Bosses at the Electoral Commission have offered to help the SNP hold a second independence referendum, despite opposition from the prime minister.
The regulator’s new chairman John Pullinger has said he is open to an “independent discussion” with Scottish officials if they wanted “something to be done that helps them with their democracy”.
His remarks put the commission on a collision course with the Boris Johnson, who has said he will reject any request for an “irresponsible and reckless” second poll.
Nicola Sturgeon has claimed that May’s Holyrood elections gave the SNP a mandate for a second poll, and nationalists have raised the prospect of the first minister seeking a unilateral poll if Westminster rejects her demands.
Ms Sturgeon is expected to hold a vote in Holyrood before issuing a formal request for a referendum, allowing her to say she is carrying out the will of the Scottish Parliament.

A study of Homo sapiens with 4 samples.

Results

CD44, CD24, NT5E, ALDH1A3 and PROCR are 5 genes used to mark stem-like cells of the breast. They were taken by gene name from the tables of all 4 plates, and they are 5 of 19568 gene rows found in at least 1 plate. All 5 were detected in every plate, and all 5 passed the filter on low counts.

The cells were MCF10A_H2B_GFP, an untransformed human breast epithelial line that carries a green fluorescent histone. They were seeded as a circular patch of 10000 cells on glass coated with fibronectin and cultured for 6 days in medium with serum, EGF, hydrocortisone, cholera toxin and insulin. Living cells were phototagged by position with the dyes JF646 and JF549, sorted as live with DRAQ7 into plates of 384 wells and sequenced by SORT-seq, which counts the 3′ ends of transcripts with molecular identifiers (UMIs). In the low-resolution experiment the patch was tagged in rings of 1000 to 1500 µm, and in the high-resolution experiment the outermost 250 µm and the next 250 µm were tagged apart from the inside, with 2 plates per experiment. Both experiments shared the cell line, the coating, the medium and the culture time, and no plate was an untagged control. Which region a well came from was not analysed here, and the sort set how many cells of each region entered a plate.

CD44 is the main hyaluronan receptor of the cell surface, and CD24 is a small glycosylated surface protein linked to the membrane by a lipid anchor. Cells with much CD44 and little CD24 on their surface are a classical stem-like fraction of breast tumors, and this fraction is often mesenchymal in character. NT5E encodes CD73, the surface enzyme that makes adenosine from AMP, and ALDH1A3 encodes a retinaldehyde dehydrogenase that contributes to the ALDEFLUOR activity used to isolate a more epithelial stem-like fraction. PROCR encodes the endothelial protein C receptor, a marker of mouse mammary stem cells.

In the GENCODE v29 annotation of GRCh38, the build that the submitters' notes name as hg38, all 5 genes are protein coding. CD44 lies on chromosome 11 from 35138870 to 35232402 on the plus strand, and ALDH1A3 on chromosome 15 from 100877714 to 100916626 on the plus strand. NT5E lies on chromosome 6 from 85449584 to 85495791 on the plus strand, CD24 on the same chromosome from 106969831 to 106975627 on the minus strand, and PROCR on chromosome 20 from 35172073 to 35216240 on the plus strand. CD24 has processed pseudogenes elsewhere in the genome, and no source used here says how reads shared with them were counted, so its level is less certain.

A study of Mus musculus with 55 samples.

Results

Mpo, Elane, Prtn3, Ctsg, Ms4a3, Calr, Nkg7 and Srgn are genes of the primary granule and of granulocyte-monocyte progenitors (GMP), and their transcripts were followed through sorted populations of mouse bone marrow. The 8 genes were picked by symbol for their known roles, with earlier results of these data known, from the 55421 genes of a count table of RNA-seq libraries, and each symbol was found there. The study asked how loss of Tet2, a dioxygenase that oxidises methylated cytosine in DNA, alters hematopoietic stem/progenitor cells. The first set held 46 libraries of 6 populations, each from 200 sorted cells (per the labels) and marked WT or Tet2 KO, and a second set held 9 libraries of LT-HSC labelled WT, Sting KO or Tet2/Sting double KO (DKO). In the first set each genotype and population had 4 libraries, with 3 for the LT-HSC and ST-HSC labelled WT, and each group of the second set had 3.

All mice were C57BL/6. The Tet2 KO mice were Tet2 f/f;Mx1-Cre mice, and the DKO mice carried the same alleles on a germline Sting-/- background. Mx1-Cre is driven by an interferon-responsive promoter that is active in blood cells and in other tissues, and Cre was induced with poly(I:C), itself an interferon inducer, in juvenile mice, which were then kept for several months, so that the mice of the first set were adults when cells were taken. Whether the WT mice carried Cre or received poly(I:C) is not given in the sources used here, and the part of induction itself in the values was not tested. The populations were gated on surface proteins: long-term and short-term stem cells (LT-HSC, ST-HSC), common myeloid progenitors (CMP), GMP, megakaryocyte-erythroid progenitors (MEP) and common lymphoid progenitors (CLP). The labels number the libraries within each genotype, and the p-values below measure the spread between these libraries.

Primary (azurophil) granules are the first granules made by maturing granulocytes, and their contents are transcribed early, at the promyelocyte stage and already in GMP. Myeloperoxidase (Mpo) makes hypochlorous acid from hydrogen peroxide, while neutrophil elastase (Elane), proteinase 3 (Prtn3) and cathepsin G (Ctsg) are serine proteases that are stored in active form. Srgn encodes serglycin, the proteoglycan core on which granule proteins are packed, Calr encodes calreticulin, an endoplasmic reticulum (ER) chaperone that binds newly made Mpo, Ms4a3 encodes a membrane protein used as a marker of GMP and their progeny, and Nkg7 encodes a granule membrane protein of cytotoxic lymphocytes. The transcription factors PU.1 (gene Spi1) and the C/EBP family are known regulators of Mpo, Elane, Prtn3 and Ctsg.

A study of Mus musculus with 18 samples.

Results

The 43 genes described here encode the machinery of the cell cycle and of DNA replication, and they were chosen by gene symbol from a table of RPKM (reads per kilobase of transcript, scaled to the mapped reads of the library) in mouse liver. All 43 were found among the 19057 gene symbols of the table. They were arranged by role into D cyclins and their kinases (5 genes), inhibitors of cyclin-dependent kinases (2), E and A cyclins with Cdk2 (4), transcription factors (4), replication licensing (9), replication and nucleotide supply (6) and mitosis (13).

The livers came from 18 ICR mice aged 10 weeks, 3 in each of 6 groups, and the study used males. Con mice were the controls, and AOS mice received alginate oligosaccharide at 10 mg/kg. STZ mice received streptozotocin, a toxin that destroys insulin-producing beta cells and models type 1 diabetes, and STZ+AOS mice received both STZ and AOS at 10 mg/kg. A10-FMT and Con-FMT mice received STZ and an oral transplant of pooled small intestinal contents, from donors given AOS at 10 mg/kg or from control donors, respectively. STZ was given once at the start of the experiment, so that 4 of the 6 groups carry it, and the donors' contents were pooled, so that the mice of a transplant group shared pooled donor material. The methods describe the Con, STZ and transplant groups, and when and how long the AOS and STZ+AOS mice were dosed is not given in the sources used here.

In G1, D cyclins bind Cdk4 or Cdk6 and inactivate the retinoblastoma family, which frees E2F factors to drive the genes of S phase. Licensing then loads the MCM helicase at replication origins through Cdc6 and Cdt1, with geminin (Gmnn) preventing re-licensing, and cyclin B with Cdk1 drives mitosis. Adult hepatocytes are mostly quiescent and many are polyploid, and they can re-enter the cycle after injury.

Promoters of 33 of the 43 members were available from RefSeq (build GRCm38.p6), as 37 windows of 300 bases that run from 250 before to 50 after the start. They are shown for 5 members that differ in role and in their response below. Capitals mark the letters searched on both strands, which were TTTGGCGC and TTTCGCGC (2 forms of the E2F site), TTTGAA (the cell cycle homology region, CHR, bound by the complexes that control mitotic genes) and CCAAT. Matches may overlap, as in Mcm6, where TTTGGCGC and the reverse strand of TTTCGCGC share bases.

Asked whether such a poll could take place if Mr Johnson refused the request, Mr Pullinger told the Sunday Telegraph: “That is what I’ve read.”
He added: “The UK Electoral Commission is also the electoral commission specifically for Scotland and Wales. We have a direct reporting line to Scotland and Wales. And, as of April this year, we are directly funded by Scotland and Wales too.
“If the parliament in Scotland is wanting something to be done that helps them with their democracy, we will have an independent discussion with them about whether it’s appropriate for the commission to support that.”
The comments come despite fresh polls revealing a slip in support for independence.
A Panelbase poll, published by The Sunday Times today, indicates that 48% would back independence, down four points since April.
Professor Sir John Curtice, of Strathclyde University, told the newspaper that this indicated “a cooling of the independence ardour” since the Holyrood elections last month, when the SNP failed to secure a parliamentary majority.
He added: “The SNP needs to embark on a campaign to persuade more Scots of the merits of independence. Otherwise, Ms Sturgeon might find herself stuck with a promise to hold a referendum that she has little hope of winning.”